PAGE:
Chris Inglis was about to retire when Edward Snowden leaked National Security Agency files.
John Breeden II is an award-winning journalist and reviewer with over 20 years of experience covering technology and government. He is currently the CEO of the Tech Writers Bureau, a group that creates technological thought leadership content for organizations of all sizes. Twitter: @LabGuys
The new Oliver Stone film, "Snowden," promises to tell the true story of contractor Edward Snowden in his quest to expose a National Security Agency program that could allegedly track all forms of digital communication. Even with my limited perspective as a journalist who covered that event, I knew enough to spot dozens of historical and technical inaccuracies while watching the film. But I wanted to see just how badly the facts were mangled, so I sat down with Chris Inglis, who was the deputy director of the NSA during the incident.
“The film was grossly incorrect technically, but that was not the most egregious thing about the movie,” Inglis said. “It’s that it was spiritually incorrect. It was well wide of conveying a true sense of how the NSA purports itself, on what its role was and on what Snowden’s role was.”
The film portrays Snowden as a patriot who becomes disillusioned with the U.S. after seeing the NSA trampling individual rights. Inglis says nothing is further from the truth, and that Snowden was a low-level contractor with suspect motives who would not have even had the capability to see many of the things his character experienced in in the film, even if any of it were actually true.
“As a system admin, his job was to activate and deactivate accounts, populate SharePoint servers, show people how to collect and how to search,” Inglis said. “But he never had access to the tools themselves. He was never allowed to search or to write reports. So when he, at a distance, saw these capabilities, he came to false conclusions about how they were being used…in most cases, he got it dead wrong.”
In the film Snowden is elevated from his IT job to that of an almost super spy type of character with wide-ranging powers and responsibilities that he never had in real life. This mirrors what Snowden said back in 2013, when he bragged that he as an analyst could have targeted the communications of the president of the United States.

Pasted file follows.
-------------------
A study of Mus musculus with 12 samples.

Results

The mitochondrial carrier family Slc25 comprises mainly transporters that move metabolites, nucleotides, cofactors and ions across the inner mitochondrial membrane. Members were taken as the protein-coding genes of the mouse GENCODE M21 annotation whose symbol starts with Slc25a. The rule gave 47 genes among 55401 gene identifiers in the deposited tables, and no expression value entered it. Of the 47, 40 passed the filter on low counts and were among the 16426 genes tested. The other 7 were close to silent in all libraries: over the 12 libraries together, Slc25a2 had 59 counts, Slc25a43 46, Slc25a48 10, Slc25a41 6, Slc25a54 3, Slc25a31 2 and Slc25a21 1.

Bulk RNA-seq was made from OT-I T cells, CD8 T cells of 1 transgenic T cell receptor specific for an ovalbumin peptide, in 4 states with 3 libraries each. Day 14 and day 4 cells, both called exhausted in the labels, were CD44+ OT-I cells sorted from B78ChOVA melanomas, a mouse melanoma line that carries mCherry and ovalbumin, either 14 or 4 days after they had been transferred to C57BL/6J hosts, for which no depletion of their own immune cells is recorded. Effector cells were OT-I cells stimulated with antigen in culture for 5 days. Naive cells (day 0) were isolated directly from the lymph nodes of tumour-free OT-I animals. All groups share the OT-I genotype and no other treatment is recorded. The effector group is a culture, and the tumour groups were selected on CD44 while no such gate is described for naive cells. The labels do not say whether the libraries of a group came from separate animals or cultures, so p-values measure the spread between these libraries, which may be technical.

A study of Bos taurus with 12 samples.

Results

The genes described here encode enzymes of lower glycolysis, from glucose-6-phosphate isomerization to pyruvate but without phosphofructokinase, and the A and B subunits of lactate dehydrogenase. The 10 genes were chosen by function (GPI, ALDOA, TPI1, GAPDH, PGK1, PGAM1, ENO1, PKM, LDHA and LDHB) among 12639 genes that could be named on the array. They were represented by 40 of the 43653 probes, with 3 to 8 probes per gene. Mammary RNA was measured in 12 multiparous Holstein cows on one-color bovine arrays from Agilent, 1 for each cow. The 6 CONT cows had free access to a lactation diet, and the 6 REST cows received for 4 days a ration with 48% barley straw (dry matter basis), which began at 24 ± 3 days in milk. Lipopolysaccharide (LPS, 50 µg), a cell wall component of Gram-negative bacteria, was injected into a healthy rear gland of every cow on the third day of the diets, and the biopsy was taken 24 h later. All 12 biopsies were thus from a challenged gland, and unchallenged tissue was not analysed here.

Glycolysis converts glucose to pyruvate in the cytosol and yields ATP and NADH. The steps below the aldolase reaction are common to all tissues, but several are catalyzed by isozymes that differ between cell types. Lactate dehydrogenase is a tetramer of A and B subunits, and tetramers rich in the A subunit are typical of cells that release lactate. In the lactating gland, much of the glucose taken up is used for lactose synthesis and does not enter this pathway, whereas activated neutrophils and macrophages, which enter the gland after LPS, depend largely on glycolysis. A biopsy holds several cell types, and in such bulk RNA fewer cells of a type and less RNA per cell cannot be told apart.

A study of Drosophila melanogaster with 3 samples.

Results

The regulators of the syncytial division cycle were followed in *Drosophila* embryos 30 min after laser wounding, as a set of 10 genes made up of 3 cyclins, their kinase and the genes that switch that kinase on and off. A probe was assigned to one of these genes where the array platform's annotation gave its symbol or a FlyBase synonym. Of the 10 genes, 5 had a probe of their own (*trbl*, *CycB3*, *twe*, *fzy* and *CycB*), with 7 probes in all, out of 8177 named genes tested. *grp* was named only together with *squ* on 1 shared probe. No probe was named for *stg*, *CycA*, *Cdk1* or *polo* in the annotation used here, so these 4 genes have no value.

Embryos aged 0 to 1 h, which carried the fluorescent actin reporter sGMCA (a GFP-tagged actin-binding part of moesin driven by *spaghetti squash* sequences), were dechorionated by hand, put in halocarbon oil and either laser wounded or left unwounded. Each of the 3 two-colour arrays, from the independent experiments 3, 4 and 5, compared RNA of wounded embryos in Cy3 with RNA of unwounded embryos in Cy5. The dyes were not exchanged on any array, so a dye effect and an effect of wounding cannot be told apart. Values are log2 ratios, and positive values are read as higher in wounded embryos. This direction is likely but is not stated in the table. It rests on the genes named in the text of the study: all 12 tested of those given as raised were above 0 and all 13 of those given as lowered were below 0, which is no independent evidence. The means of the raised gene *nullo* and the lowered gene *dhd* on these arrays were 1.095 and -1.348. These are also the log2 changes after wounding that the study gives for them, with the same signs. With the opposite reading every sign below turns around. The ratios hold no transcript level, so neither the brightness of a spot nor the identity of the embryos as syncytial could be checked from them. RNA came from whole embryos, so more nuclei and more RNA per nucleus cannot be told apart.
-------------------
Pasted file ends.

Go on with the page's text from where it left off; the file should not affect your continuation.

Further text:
Inglis says that is a complete lie, for several reasons. First off, Snowden was never an analyst, and never had targeting authority. Secondly, the systems are not set up to be able to easily target domestic communications. Instead, they are designed to monitor foreign traffic where the most useful intelligence resides. And finally, even if Snowden had tried to do anything like that, he would not have been able to because there are built-in two-person control authorizations for all of those systems.
The movie also fails from a technical standpoint, giving the NSA seemingly god-like technical powers that simply don’t exist according to Inglis, at least not in the high-tech futuristic ways they are depicted in the movie. “The depiction of the telephone metadata database, I don’t know if that was Oliver Stone’s characterization or Snowden’s, but it’s grossly wrong,” Inglis said. “NSA does have some impressive technology, though we are probably lagging behind the private sector for some of it, to put together some very intricate patterns to create predictive insights, but you wouldn’t apply it to the US person’s telephone metadata.”
“What they showed up on the screen, and I am not saying there is not an assembler like that—I think it’s technically feasible—but what they showed contained pictures, real-time content, email and social media connections, all of which was, by law, off the table,” Inglis said. “You could not use the telephone metadata that way. The movie made it seem like the NSA used that to gain deep insights into the domestic affairs of citizens, and that is simply not true.”
In fact, in all of 2012 when Snowden supposedly became shocked and disillusioned with the government, Inglis says the metadata was only queried 288 times. It could only be done if a foreign number connected with one of three terrorist groups was suspected of reaching out to a contact inside the U.S. Analysts would input the suspected foreign number and if it was connecting to a phone inside the U.S., that new number would be spit back out. The results only gave the U.S. number, not any names or anything else connected to it. Inglis said the NSA then had to call the FBI for help in getting more information about the new number, something he says it did only 13 times in 2012. That is a far cry from the all-knowing, all-seeing supercomputer depicted in the Snowden movie.
Inglis has since left his position at NSA, though not because of Snowden. In fact, he was getting ready to retire when the incident broke and decided to stay on for an additional year to help the agency rebuild. Today he spreads out his time in various ways, including teaching cyber studies as a visiting professor at the U.S. Naval Academy, performing charity work and acting as the chairman of the Securonix Strategic Advisory Board. He is also the chairman of the NSA’s National Cryptologic Museum in Fort Meade, Maryland.
Securonix worked with Inglis to create a short video pointing out some of the very high-level mistakes made by the movie, and to explain why people should likely not take almost anything depicted in it as fact.
Inglis seems to have weathered the storm personally just as the agency he used to lead did. “My experience with the NSA has been very helpful to me in my second career,” he said. “And my experience with Snowden has also been helpful because I can now help people know what it’s like to deal with a low-probability high conflict event, and what you have to think about when you consider that it might happen to you. I can also share what mistakes we made, and help others avoid them.”